The presidential primary voting process is long and complex. Starting in 1972, the Iowa caucuses have been the traditional kick-off to the primary season. Many candidates have seen their hopes crushed with a poor showing, while others shrugged off an Iowa loss without missing a beat.
Four years ago, John McCain placed fourth but stormed back to take the GOP nomination. On the other side of the aisle, Bill Clinton lost both Iowa and New Hampshire in 1992 en route to the presidency. Mitt Romney's narrow victory in Iowa may propel him to the nomination, but only if he can successfully navigate the rest of the contests. Rick Santorum hopes his impressive showing will translate to the financial support he needs to keep competing, while the remaining candidates have to hope the leaders falter.
The following timeline outlines the Republican field's next stops, through Super Tuesday in March:
January 10: New Hampshire Primary. This first in the nation primary is the bookend to Iowa. For 2012, Mitt Romney holds a commanding lead over the rest of the field.
January 21: South Carolina Primary. The first primary in the south, this contest is arguably the most important one on the Republican calendar. Since 1980, the GOP candidate that won in South Carolina eventually won the nomination.
January 31: Florida Primary. This election is being held in violation of Republican National Committee rules, a decision that will cost the state half of its delegates to the nominating convention. Both political parties try to maintain a tight hold on the primary process, and states that flaunt their rules risk penalties. That hasn't stopped some states from "jumping" the primary schedule in an attempt to have more influence on the process.
February 4: Nevada Caucus.
February 4: Maine Caucus. Maine allows local caucuses over a seven-day period.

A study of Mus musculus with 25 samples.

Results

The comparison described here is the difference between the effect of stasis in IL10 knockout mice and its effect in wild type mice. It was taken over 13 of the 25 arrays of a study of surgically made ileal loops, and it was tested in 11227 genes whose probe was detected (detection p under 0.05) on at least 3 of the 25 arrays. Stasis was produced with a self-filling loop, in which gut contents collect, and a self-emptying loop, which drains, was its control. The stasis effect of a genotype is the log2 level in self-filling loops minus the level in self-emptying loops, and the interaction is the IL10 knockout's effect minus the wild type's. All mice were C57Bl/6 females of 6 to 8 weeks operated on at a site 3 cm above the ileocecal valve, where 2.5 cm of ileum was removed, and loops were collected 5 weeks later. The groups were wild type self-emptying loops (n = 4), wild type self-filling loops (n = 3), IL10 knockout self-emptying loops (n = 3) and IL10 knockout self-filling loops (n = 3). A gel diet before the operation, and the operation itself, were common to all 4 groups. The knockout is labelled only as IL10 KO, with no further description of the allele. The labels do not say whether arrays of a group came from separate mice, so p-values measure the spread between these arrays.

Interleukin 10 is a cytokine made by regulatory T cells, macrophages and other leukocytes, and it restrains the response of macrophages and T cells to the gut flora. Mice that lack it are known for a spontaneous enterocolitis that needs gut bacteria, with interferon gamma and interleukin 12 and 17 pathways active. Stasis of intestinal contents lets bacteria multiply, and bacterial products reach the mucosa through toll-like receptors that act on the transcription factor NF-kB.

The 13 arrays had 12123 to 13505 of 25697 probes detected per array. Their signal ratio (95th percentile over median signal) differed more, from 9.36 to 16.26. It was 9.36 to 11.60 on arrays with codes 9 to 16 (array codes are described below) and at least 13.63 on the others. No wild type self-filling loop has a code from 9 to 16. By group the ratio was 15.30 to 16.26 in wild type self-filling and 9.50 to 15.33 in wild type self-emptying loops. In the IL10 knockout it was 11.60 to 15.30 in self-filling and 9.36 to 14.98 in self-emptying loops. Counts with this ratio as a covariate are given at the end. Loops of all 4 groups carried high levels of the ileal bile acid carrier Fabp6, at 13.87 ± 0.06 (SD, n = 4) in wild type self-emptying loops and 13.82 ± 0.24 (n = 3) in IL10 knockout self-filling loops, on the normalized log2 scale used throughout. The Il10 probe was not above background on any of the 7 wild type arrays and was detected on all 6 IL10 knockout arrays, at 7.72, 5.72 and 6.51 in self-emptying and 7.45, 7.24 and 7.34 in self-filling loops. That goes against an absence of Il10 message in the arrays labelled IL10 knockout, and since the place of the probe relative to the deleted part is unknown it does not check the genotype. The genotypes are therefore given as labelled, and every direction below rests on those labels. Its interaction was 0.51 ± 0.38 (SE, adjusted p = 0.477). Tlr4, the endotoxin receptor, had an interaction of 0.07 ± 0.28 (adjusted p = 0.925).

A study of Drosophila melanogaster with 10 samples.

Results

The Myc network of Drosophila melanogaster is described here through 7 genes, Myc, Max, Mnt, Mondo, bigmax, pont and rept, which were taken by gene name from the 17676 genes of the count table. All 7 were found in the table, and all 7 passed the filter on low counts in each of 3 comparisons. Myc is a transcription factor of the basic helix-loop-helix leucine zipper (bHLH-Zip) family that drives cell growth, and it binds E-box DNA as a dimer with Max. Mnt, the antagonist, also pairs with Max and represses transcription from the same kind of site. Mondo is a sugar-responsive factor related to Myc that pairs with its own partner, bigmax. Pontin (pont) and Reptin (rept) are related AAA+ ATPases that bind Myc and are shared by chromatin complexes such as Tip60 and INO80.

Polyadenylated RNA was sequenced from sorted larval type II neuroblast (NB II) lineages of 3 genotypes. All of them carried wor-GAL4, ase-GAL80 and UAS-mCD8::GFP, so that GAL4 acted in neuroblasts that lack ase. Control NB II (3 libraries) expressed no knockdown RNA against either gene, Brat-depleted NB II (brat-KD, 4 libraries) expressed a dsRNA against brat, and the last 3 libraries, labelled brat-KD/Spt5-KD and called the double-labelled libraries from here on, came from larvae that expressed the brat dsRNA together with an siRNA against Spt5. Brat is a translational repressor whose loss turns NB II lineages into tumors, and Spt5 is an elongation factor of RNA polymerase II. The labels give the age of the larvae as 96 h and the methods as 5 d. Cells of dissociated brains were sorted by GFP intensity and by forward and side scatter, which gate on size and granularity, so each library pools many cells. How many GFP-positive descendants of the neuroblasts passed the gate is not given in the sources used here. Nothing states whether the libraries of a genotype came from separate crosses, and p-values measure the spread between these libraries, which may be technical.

February 7: Colorado Caucus. This contest, like Florida's, is also being held in violation of RNC rules. But because caucuses don't actually award delegates (that happens later, when the caucus delegates get together to vote again in April), the RNC is not expected to penalize the state.
February 7: Minnesota Caucus.
February 7: Missouri Primary. This contest is non-binding. Convention delegates aren't officially chosen until March 17, via caucus.
February 28: Michigan Primary.
February 28: Arizona Primary. This is the third contest being held in violation of RNC rules. Only four states (Iowa, New Hampshire, South Carolina and Nevada) are allowed to hold contests before March 6. No consequences have been announced yet.
March 3: Washington Caucus.
March 6: Super Tuesday. Eleven states (Alaska, Georgia, Idaho, Massachusetts, North Dakota, Ohio, Oklahoma, Tennessee, Vermont, Virginia, Wyoming) hold contests on this day, making it the richest prize on the electoral primary calendar. In Wyoming, the Republican caucuses take place over four days beginning on this day. At this point in the process, the lower tier candidates are usually knocked out, and a clear front runner, if not presumptive nominee, emerges. This year may prove different, as there are fewer contests scheduled for Super Tuesday this election cycle than in years past. Almost twice as many went to the polls in 2008.
Note: For the Democrats, some of these contests are moot, as President Barack Obama is running unopposed in many states. One example is Virginia, where write-in candidates are not allowed, and Barack Obama is the only candidate on the ballot. The election has already been canceled, and all convention delegates awarded to the president.